Wed Jun 01 2022 21:01:00 GMT+0000 (Coordinated Universal Time)
NY cannabis regulators propose new rules for marketing, packaging and laboratory testing
Originally Published By:
NY Cannabis Insider c/o syracuse.com
By Sean Teehan | email@example.com
New York’s Cannabis Control Board approved 16 new conditional cultivator licenses today, as well as draft regulations for testing labs and for the marketing and packaging of marijuana products.
Board members unanimously approved the new draft regulations, which will now go to a 60-day public comment period, after which Office of Cannabis Management staffers could alter requirements before putting up final regulations for board approval.
“These regulations were selected as the first sections for consideration, because they will help ensure that products are safe and tested with appropriate consumer protection labeling,” board Chair Tremaine Wright said.
Draft requirements for testing labs include rules that labs must be ISO 17025 accredited – a universal standard for testing and calibration laboratories – and use third-party firms to select samples that will be tested. The regime would also require a state reference lab, which would review and retest samples submitted by independent labs. The reference lab would either be contracted by OCM, or operated by the state Department of Health.
Proposed regulations on testing labs seem basically in line with other legal cannabis states, said Lev Spivak-Birndorf, chief science officer at Michigan-based cannabis testing company PSI Labs. Some parts of the draft rules address issues that have arisen in the mariuana testing industry like potency inflation, and weed companies lab-shopping for the results they want, he said.
Earlier this year, PSI Labs CEO Ben Rosman told NY Cannabis Insider that the issue of potency inflation at cannabis testing labs is probably the marijuana testing industry’s “worst-kept secret.”
Creating a state reference lab would enable the state to determine whether an independent lab is providing accurate results, Spivak-Birndorf said. If a lab appears to be releasing inaccurate results, a state reference lab could re-test samples, and determine the first lab’s accuracy.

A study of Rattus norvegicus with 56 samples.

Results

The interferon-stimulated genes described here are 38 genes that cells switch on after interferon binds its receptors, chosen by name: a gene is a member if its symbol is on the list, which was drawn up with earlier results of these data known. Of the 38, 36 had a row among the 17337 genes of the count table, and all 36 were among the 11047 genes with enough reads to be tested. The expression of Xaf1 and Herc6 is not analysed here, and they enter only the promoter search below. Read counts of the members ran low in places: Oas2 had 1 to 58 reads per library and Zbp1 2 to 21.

The rules would also require a third-party firm to select the product sample that is tested, which could ensure greater accuracy, Spivak-Birndorf said. Some growers choose specific parts of a batch for testing in an effort to produce results higher in THC and lower in mold and contaminants. In theory, a third-party sampling firm would simply pick a sample for testing that’s representative of an entire batch.
“In some states, like Colorado, sampling is done by the growers themselves; and we think that’s a big oversight and mistake,” Spivak-Birndorf said. “There’s too much incentive to potentially deliver samples that may not show the contamination that is being screened for, or might not be representative of the potency.”
However, Spivak-Birndorf said OCM might want to rethink the possibility of limiting terpenes, which are naturally occurring chemical compounds in plants that can create aromas and flavors. Draft regulations say labs must test for whether “terpenoids” in products are consistent with the acceptable limits determined by OCM. Terpene levels have very little to do with a product’s safety, he said.
“That’s one of those tests where, while some states might say, ‘You have to test for it,’ it’s unclear what the public safety and health implications of that are,” Spivak-Birndorf said.
Draft rules for packaging and marketing include minimum standards, like requirements that all products are sold in child-proof containers. Packaging cannot include any pictures aside the company’s logo, and must include three state-approved symbols, list the product’s THC and CBD content, contact information for the manufacturer and distributor, and other information, draft regulations say.
The rules would also prevent weed companies from marketing their products using bright colors, bubble letters, cartoons or other elements that could appeal to people under 21. They also ban billboard ads, and advertising anywhere fewer than 90% of the audience is likely to be under 21.
Kaelan Castetter, founder of business consulting firm Castetter Cannabis Group and co-founder of the New York Cannabis Growers and Processors Association, said OCM’s draft rules on marketing and packaging are stricter than he expected. He questioned whether there’s enough space on some packages to include all the symbols and disclosures that would be required. Additionally, the rules would make it difficult for companies to create branding that makes their products stand out.
“Brands are not going to have a lot of creative freedom when designing their packaging if these regulations were to go on the books as is,” Castetter said.
Castetter also questioned the necessity of child-proof packaging for flower products. Eating raw cannabis flower doesn’t cause intoxication or poisoning, Castetter said, so child-proof packaging is redundant, because anyone who has the wherewithal to smoke flower would also be able to open child-proof packaging.
Aside from new draft regulations, the board also approved conditional cultivation licenses to 16 additional companies, bringing the total number of farms approved to start growing weed to 162.
Chris Alexander, OCM’s executive director, also announced that the comment period for proposed medical cannabis home grow regulations will be extended by 45 days due to a clerical error.
The board also voted to allow member Jen Metzger to serve on the Ulster County Land Bank Development Corporation while also holding a seat on the Cannabis Control Board, and for OCM staffer Erica Stupp to serve on the New York State Department of Health Institutional Review Board while working for OCM.